The article was written by SCAI president J. Jeffrey Marshall, MD, of Northeast Georgia Heart Center (Gainesville, GA), along with Peter L. Duffy, MD, of FirstHealth of the Carolinas (Pinehurst, NC), Srihari S. Naidu, MD, of Winthrop University Hospital (Mineola, NY), and K.C. Kurian, MD, of Florida Hospital Flager (Palm Coast, FL).
SCAI “supports a strategy of supplemental reimbursement for interventional cardiologists who participate in emergent call for patients suffering [a STEMI],” Dr. Marshall and colleagues write.
In e-mail communication with TCTMD, Thomas D. Stuckey, MD, of the LeBauer Cardiovascular Research Foundation (Greensboro, NC), agreed that the issue is gaining traction, especially given recent drops in reimbursement. “The role of the STEMI physician has expanded, and the service is undervalued,” he said. “Moreover, the service is of high visibility to hospitals.”
A Timely Conversation
Interventionalists are increasingly called to balance the needs of their existing patients with those of urgent STEMI cases, the authors note. Such demands are becoming ever more common with the advent of STEMI transfer networks and emphasis on appropriate use criteria, they say, adding that the rising overhead costs of private practices and declining levels of reimbursement also put financial pressure on physicians.
In a telephone interview with TCTMD, Dr. Duffy said that compensation for STEMI call is “a controversial subject, obviously, and a thing that a lot of our members are interested in.”
The current model is becoming “less and less economically sustainable,” he noted, and trends toward clinicians working more closely with hospitals represent a “nice segue into being able to do something [about it].”
Signed into law in March 2010, the Patient Protection and Affordable Care Act (PPACA) is also a good catalyst for discussion, Dr. Duffy added.
Dr. Marshall and colleagues point out that the recent legislation “ties formally the performance of providers directly to payments made to hospitals.” The Centers for Medicare and Medicaid Services, meanwhile, has instituted a 2% payment penalty for hospitals that exceed the guideline-recommended 90-minute window for door-to-balloon time in STEMI patients.
According to the article, paying physicians for STEMI call helps them align directly with the objectives of the hospital, “synergy” that in turn promotes achievement of national quality and outcome standards.
“Incentivizing STEMI call creates a win-win-win (patient-hospital-physician) scenario that benefits the overall reputation of the hospital, its patients, and the community it serves,” Dr. Marshall and colleagues write. “Done correctly, it contributes to the fiscal viability of the hospital and the sustainability of the cardiology practices in its community.”
Taking the Next Step
Thus far, hospitals have showed varying levels of enthusiasm for the idea, Dr. Duffy reported. “Some hospitals are proactive and do recognize that they’ve got to get their physicians on board. Some, for example, just have employed physicians. That makes it a whole lot easier to create this type of program,” he explained, noting that others have a mixture of employed physicians and multiple practice groups or other models.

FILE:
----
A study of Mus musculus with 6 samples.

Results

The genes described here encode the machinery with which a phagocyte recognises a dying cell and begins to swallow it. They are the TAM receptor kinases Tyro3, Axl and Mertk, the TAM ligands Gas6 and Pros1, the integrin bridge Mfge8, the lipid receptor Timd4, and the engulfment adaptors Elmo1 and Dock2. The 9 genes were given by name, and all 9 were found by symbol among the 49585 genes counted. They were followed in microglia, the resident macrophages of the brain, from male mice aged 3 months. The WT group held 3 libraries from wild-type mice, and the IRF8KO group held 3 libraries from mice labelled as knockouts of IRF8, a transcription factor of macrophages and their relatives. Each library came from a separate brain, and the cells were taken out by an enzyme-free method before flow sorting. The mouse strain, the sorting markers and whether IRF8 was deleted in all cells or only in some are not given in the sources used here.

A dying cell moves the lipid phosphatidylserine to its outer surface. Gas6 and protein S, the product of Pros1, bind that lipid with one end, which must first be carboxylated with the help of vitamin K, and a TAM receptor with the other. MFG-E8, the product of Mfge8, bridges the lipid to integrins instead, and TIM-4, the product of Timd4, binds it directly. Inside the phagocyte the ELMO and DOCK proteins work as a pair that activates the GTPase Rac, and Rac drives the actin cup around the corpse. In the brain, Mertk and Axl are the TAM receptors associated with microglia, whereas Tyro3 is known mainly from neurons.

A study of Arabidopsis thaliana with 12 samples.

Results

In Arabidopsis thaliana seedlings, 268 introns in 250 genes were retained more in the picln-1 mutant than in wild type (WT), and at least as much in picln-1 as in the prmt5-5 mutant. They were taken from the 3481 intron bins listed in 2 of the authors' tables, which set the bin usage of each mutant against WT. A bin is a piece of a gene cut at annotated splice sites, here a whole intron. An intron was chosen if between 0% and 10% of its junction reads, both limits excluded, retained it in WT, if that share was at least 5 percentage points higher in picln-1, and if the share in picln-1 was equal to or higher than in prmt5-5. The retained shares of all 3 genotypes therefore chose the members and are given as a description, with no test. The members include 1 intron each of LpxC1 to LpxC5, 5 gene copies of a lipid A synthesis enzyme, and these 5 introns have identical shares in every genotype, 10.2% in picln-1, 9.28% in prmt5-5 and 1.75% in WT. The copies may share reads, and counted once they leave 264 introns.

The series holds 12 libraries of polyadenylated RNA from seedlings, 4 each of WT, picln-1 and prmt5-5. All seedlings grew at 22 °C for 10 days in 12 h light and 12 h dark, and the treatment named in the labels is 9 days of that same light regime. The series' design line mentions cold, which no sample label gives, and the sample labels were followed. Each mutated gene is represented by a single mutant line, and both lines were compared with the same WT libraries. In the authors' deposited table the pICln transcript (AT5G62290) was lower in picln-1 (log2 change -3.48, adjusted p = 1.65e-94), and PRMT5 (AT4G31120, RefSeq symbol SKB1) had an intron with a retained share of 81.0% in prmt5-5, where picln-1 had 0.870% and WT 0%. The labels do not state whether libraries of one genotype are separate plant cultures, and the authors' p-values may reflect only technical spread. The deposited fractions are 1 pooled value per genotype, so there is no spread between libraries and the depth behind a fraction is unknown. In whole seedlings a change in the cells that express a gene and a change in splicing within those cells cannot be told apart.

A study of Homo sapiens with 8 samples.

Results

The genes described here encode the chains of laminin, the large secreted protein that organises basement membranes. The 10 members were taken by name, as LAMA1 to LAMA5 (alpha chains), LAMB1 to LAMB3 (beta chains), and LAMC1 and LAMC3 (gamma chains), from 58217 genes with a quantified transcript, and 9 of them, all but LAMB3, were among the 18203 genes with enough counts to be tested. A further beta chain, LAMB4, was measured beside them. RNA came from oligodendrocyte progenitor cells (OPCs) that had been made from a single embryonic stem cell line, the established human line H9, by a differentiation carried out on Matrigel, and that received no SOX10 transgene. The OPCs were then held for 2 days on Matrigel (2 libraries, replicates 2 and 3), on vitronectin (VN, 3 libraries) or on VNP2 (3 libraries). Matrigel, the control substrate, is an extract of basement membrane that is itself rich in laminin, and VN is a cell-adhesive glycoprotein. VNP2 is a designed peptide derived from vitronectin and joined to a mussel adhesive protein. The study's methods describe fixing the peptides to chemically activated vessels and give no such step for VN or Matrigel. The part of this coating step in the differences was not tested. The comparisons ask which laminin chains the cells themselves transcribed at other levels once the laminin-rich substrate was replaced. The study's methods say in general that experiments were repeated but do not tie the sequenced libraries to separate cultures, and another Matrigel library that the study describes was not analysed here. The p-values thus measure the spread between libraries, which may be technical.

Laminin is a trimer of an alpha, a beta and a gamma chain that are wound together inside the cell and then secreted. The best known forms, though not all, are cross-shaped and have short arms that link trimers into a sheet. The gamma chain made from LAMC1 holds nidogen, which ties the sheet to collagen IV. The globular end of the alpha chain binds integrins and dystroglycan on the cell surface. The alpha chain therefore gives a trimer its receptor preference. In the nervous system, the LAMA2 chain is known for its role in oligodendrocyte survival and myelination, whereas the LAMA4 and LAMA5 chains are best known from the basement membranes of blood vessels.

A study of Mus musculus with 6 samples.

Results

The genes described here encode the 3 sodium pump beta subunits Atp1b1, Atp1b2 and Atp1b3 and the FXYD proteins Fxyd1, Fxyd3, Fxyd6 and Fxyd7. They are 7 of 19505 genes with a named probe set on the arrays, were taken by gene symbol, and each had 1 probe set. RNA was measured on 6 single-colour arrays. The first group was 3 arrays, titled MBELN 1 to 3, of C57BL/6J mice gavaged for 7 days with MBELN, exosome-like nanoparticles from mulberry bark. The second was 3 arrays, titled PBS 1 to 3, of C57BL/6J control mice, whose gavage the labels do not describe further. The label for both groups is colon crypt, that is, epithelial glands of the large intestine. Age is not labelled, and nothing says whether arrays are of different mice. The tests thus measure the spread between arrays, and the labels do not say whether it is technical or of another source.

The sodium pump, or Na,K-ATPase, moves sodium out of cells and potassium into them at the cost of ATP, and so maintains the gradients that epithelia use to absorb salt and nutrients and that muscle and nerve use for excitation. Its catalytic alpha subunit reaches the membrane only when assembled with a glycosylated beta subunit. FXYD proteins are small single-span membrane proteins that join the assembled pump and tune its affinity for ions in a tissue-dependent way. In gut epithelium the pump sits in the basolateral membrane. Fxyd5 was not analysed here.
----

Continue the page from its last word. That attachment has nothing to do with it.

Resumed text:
“So really it’s going to be up to each individual hospital as to how it deals with that,” Dr. Duffy said. “Our point was just to be able to support our members [and interventionalists more generally, to give them something] that they could go to the administration with and say, ‘This isn’t just my idea. This is a good idea, and here’s why it’s a good idea. Our society is strongly in support of this.’”
Importantly, the idea is not without precedence, the paper notes, citing a 2005 survey conducted by the American College of Physicians Executives that found “46.6% of respondents’ hospitals paid specialists to take ER call,” while half of the remainder had “considered the matter recently.”
As Seen from the Trenches
Dr. Stuckey said payment for STEMI call is rare and depends in part on the availability of providers. “In areas where services are limited, physicians have been paid much more in the form of standard contracts to provide these services. In large cities, there are often too many providers,” he explained.
“Eventually I think that physicians will need to go down the road that both insurers and hospitals have—consolidation way beyond traditional limits—in order to provide the leverage to prevent undervaluing of services,” Dr. Stuckey concluded, adding that cardiac surgeons did not choose this route. “However, [STEMI care] is a high skill service, and the skill sets necessary to provide the service cannot easily be replaced. It will be interesting to see how this all plays out.”
In an e-mail communication with TCTMD, Ajay J. Kirtane, MD, SM, of Columbia University Medical Center (New York, NY), said that, as a clinician at an academic medical center, he does not encounter this debate very often. “One way or another (either through base salary or specific payments), many hospitals do support primary PCI programs in this way,” he said.
As the PPACA begins to make its impact known, Dr. Kirtane predicted, “I think that there will be a groundswell of [support for reimbursement], especially if doctors are required to be in house.”